To Have and To Hold

17 Jan, 2013

Hi Chad

I stumbled across you today and I am reaching out to see if you can help me. I regret that I didn’t get to see your work on Breast Cancer Survivors as I just heard about it today. You see, I was just diagnosed with breast cancer and will be having surgery this Thursday for a double mastectomy. I am really grieving this loss that I am about to experience. A thought came to me that I should have pictures of myself as I am now… as a reminder of these breasts that have been such a part of me for such a long time. Would it interest you to do a shoot for myself to help me keep a part of this memory?

Jamie and I met with Debbie the following morning. There was an immediate connection. Taking photos, whether they be pre-op or post-op isn’t really the point. I think most all breast cancer patients have had photos taken of them in their doctor’s office. What Debbie wanted to capture were memories that went way beyond tissue and mammary glands, and really the only way to do that is through stories.

Debbie shared her journey with us – lots of thoughts, emotions, and memories. She already has a Survivor spirit about her that is going to be incredibly helpful on this path of healing. Though I don’t want to spoil her story here (yes, that means she intends to share it later), while sitting with Debbie she verbalized some things for the first time. It brought tears. The tears are lubrication for freedom.

Debbie showed back up that evening with her husband. He sat next to his wife on the couch and never stopped touching her shoulder, and affectionately rubbing her back. He opened up about his own concerns and how he has been praying for her healing.

When we went to take pictures it felt more natural than you might think. Her husband stood beside me admiring his wife and mentioned that he had wanted for years to take topless photos of her. She told me how all the women in her family have large breasts and that she always saw them as a badge of honor. We all laughed and then he moved in to join her in front of the camera.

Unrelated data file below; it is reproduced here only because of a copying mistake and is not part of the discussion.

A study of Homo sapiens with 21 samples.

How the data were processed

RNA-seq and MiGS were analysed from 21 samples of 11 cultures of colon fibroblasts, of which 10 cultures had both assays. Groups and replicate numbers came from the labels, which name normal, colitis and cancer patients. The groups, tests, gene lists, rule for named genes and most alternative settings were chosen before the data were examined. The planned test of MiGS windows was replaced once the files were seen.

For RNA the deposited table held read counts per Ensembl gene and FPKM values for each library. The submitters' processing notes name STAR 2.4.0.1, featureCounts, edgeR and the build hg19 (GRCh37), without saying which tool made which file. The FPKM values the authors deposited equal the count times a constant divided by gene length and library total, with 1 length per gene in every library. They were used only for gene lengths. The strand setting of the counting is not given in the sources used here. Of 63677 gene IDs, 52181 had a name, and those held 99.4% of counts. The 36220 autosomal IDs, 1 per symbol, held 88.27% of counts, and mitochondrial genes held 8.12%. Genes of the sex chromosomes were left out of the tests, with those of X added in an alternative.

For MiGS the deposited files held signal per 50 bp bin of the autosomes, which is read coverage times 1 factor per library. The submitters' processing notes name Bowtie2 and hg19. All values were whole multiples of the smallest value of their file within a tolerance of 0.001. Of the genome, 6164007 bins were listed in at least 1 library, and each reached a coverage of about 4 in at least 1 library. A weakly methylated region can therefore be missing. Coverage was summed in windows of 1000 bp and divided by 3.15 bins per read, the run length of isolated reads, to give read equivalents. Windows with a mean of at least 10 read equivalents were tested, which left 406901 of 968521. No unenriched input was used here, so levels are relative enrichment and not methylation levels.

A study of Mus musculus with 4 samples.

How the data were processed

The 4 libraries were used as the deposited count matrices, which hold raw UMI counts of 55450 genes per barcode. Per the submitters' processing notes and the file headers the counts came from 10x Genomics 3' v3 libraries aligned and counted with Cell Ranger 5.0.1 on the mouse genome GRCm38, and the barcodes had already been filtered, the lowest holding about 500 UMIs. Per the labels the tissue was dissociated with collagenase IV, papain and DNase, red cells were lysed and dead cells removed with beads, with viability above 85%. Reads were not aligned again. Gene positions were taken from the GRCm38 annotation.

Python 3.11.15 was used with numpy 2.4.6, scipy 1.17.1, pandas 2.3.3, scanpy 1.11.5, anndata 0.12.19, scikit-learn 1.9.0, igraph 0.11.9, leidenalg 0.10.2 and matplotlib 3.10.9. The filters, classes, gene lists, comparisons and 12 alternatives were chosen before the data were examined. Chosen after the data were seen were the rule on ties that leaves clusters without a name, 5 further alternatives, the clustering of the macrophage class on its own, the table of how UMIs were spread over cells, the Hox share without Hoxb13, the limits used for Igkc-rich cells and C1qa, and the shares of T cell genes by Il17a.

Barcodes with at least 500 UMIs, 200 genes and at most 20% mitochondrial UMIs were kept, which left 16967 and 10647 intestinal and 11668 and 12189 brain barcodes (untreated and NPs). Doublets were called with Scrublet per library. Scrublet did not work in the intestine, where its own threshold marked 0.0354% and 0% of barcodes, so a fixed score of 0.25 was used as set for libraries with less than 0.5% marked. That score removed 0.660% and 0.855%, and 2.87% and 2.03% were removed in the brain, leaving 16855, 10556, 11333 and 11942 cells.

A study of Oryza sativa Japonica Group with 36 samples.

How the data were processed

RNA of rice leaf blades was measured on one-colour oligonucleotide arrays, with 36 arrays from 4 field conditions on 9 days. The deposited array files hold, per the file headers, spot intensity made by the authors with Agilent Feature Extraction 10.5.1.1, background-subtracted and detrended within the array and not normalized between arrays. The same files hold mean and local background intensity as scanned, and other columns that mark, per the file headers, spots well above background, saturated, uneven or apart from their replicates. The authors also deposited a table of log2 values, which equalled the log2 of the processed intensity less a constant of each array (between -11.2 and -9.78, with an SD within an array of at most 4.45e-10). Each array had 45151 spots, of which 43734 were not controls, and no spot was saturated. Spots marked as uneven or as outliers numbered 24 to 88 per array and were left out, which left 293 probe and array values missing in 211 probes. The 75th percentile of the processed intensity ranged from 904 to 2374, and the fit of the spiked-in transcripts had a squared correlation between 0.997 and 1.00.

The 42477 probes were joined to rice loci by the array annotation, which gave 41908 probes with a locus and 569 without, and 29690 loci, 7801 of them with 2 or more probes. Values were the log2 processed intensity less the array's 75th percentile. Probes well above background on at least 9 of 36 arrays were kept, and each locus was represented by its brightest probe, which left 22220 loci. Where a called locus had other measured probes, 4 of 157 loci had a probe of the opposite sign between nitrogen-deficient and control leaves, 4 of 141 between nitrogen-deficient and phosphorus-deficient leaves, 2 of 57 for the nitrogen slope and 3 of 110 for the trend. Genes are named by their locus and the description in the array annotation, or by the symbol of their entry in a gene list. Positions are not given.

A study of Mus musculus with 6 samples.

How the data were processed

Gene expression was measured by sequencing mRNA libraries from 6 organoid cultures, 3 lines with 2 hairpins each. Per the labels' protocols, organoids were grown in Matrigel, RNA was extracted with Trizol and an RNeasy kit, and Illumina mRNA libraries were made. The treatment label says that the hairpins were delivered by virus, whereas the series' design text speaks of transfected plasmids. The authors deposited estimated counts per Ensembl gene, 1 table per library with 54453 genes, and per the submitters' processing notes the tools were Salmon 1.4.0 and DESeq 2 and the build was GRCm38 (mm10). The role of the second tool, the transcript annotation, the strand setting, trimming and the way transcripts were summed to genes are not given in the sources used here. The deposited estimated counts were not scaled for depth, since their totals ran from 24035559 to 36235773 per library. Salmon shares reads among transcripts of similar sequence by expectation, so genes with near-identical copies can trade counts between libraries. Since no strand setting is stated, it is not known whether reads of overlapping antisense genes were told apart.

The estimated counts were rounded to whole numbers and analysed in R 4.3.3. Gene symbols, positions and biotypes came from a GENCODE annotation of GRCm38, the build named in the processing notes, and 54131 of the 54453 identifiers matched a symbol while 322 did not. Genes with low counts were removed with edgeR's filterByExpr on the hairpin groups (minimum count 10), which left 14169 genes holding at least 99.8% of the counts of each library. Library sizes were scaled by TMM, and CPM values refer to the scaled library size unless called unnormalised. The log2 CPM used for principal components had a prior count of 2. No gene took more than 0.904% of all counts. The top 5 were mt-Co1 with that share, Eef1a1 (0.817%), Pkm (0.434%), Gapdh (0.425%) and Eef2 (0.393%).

The portrait you see below you was planned, in as much as they came to my studio for photos, but it wasn’t posed. I gave them no direction, what was captured digitally is simply a moment of their love.

DSC_3835x

We were planning to hold the photos for later, when Debbie was ready to see and embrace her ‘before’ photos. We don’t know when that will be. But when I saw this particular image I felt it could be healing for them now. I sent it to Debbie and she and her husband received it in tears.

Debbie told me tonight on the phone how much freedom she received from the photo shoot experience. Again, I don’t think it had to do with the camera, it had everything to do with how Debbie was learning to let go, embrace her ‘now,’ honor the past, and press forward to tomorrow.

Not only did they agree to let me share their portrait, Debbie invited me to capture her entire journey in photos. She knows she has a story to share. I am so honored to get to walk alongside her and her family. I will be at the hospital with them trying both to give them their space as well as capture their story.

What you will see and hear in the future is the life of a brave Breast Cancer Survivor. What she needs to hear right now is your encouragement and prayers.

Thank you.

Pinging is currently not allowed3 Responses

  1. Ang says:

    Chad, what you are doing is beautiful. Thank you. I have been touched by cancer and once it has intimately touched your life, you will never be the same. I'm praying for Debbie and her husband. How brave and loving of Debbie to invite us to share her journey with them. I'm looking forward to following her story of survival thru your photography.

  2. jeri soulier says:

    Praying for complete healing for you, and our family – on every level possible.

  3. jhopping says:

    one look at that picture and I'm close to tears. It just oozes love and concern… ah.. thank you Debbie and [insert husband's name] for sharing your story.

Leave a Reply

You must be logged in to post a comment.